2:03 pm
Fri June 1, 2012

NPR Bestsellers: Paperback Nonfiction, Week Of May 31, 2012

Steal Like An Artist strives to put readers in touch with the artist within. It debuts at No. 11.

Monkey See
1:44 pm
Fri June 1, 2012

John Edwards: Once More With (Or Without) Feeling, He Takes Full Responsibility

Former U.S. Sen. John Edwards addresses the media alongside his daughter Cate Edwards and his parents Wallace and Bobbie Edwards yesterday after the conclusion of his trial on campaign finance charges.
Sara D. Davis Getty Images

Yesterday, after being acquitted of one of six campaign finance fraud charges against him and seeing the jury deadlock on the other five, John Edwards held a brief press conference in which he said this:

1:41 pm
Fri June 1, 2012

Nation's Worst Dressers Are In Anchorage, Survey Says

High fashion in Anchorage. (Just kidding! It's a photo from the 2011 Iditarod.)
Michael Dinneen AP

Which U.S. city has the worst-dressed citizens?

According to readers of Travel and Leisure magazine, it's Anchorage.

1:30 pm
Fri June 1, 2012

May Jobless Report Keeps Obama On Defensive, Aids Romney's Offense

Military veterans Kris Hummel (l) and Shane Foley, speak with a TSA representative at a May 15, 2012 job fair in Utica, NY.
Spencer Platt Getty Images

Originally published on Fri June 1, 2012 3:04 pm

How to convince voters that while the economy isn't roaring, the situation is still improving?

That's President Obama's challenge, made more difficult with every passing month where the jobs report disappoints, as on Friday. The latest Labor Department report informed us that only 69,000 jobs were created in May, less than half what analysts had forecast. Meanwhile, the jobless rate ticked up a tenth of a percentage point to 8.2 percent.

1:28 pm
Fri June 1, 2012

Obama, Romney Have Sharply Different Takes On Weak Jobs News

Earlier, Republican presidential candidate Mitt Romney blamed what he said have been President Obama's "failed" economic policies for the nation's stubbornly high unemployment rate and weak job growth.

In Minnesota this hour, President Obama conceded "we've got a lot of work to do before we get to where we need to be," but also claimed credit for policies that he said prevented another Great Depression after the financial crisis of 2008.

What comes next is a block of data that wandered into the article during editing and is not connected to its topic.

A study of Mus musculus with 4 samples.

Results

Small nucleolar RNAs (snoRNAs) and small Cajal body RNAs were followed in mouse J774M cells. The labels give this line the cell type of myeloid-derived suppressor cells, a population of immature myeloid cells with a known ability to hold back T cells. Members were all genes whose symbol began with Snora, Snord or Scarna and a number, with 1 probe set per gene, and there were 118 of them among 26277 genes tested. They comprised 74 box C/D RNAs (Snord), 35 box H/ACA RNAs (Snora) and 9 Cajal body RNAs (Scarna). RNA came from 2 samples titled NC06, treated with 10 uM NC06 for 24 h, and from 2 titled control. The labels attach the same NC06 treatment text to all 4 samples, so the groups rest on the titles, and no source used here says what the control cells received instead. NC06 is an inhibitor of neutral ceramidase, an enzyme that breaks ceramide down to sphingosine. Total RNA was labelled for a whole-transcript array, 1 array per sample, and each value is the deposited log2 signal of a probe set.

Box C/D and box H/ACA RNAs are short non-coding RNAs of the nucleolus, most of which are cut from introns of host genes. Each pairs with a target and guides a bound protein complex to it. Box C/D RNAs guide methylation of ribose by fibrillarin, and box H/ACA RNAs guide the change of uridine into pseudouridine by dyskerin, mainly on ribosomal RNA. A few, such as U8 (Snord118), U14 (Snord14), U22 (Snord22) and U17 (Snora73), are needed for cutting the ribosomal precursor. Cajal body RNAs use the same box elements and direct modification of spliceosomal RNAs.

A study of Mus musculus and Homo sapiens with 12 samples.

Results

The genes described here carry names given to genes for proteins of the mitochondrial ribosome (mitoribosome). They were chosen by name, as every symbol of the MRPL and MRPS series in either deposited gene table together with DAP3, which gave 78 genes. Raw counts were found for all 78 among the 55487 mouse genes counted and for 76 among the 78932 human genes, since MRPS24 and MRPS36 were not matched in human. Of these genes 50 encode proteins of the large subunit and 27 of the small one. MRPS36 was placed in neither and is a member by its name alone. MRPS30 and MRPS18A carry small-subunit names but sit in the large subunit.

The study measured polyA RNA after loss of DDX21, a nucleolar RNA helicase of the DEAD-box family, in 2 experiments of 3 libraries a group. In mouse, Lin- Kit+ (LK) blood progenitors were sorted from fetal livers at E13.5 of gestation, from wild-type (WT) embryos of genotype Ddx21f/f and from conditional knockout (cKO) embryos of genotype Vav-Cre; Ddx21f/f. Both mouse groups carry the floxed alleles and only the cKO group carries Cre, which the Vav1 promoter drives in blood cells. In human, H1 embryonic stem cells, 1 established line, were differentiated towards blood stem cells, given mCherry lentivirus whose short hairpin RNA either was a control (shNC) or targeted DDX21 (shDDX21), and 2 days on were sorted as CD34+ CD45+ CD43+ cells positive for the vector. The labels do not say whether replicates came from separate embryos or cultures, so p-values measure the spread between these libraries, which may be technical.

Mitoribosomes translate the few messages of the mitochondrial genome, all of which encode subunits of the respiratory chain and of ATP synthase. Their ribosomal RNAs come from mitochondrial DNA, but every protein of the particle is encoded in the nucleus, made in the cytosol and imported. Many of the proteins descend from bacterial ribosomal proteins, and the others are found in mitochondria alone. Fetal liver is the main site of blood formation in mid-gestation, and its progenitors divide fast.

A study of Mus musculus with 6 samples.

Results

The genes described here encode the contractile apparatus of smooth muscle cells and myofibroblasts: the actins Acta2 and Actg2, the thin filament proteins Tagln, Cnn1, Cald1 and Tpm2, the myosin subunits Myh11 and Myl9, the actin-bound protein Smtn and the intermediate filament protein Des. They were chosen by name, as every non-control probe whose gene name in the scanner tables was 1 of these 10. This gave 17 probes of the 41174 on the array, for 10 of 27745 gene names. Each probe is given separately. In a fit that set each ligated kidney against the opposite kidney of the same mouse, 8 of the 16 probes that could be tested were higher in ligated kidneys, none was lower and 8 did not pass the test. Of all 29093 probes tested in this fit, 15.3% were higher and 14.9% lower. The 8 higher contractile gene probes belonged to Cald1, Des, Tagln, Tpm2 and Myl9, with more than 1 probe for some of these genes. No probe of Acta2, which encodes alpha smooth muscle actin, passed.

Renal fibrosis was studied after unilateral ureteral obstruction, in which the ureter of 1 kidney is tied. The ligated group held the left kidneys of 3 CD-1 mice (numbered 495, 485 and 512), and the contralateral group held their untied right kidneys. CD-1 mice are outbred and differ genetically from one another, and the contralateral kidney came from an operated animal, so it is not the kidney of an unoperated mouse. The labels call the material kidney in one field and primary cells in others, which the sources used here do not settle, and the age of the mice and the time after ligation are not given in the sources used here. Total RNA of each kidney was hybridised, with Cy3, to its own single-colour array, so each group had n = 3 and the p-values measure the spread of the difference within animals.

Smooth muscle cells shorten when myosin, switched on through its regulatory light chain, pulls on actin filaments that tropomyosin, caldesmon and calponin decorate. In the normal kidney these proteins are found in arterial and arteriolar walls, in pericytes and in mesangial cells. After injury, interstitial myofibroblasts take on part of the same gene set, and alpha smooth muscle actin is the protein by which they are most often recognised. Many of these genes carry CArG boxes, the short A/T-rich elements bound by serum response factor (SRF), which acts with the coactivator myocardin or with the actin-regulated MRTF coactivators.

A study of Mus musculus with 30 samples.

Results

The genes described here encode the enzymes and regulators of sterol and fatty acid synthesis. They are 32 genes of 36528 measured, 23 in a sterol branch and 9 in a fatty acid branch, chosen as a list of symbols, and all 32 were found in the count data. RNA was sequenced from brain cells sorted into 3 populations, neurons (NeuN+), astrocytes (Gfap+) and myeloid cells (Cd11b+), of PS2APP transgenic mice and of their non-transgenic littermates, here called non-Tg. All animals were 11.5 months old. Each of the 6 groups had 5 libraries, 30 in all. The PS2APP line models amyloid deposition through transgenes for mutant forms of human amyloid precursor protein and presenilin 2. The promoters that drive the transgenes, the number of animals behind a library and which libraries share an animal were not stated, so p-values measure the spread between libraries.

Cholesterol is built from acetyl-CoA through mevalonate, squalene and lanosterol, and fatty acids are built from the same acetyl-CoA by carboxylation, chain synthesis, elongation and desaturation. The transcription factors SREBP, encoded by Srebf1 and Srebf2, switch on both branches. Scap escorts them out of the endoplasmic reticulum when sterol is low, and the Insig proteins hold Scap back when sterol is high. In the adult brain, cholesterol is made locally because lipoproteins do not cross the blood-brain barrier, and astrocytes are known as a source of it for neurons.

1:22 pm
Fri June 1, 2012

Catholic Nun Group Rejects Vatican Report That Found Them Afoul Of Doctrine

American nuns attend Mass at Sant'Apollinare in Rome.
Andrew Medichini AP

The board of the Leadership Conference of Women Religious (LCWR), which represents most nuns in the United States, rejected a report from the Vatican that found they were running afoul of church doctrine.

The report, which among other things expressed concerned about the group's "radical feminism," was issued in April and ruled that an American archbishop would bring the nuns back in line.

1:18 pm
Fri June 1, 2012

Jean-Yves Thibaudet On 'Song Travels'

Jean-Yves Thibaudet.
Kasskara Decca

Originally published on Fri May 3, 2013 5:59 pm

French pianist Jean-Yves Thibaudet is one of the leading performers on today's classical-music scene. He has more than 40 albums to his credit, including interpretations of the classical repertoire, as well as music by George Gershwin, Duke Ellington and Bill Evans.

1:10 pm
Fri June 1, 2012

Why Ignorance Trumps Knowledge In Scientific Pursuit

Originally published on Fri June 1, 2012 1:22 pm

Transcript

IRA FLATOW, HOST:

People looking at the scientific world from the outside often see it as one dominated by facts, where scientists use a stepwise, systematic process that begins - you know, you learned all this stuff in grade school, a hypothesis, the collection of data, of observations, blah, blah, blah, you go through all these steps.

1:10 pm
Fri June 1, 2012

Paralyzed Rats Walk, Even Sprint After Rehab

Originally published on Fri June 1, 2012 1:18 pm

Reporting in Science, researchers write that a combination of therapies, willpower and chocolate helped rats with severe spinal cord injuries learn to walk and even run again. Neurobiologist Moses Chao, not affiliated with the study, discusses the rehab method and whether it could work in humans.

NPR Story
1:10 pm
Fri June 1, 2012

The Many Lifestyles Of Muck-Dwelling Microbes

Originally published on Fri June 1, 2012 1:26 pm

Scientists at the University of Leeds are exploring ways to use magnetic bacteria to build biocomputers of the future. Meanwhile, another group of researchers, reporting in Science, write that they have unearthed deep-sea microbe that live off nutrients from the dinosaur age.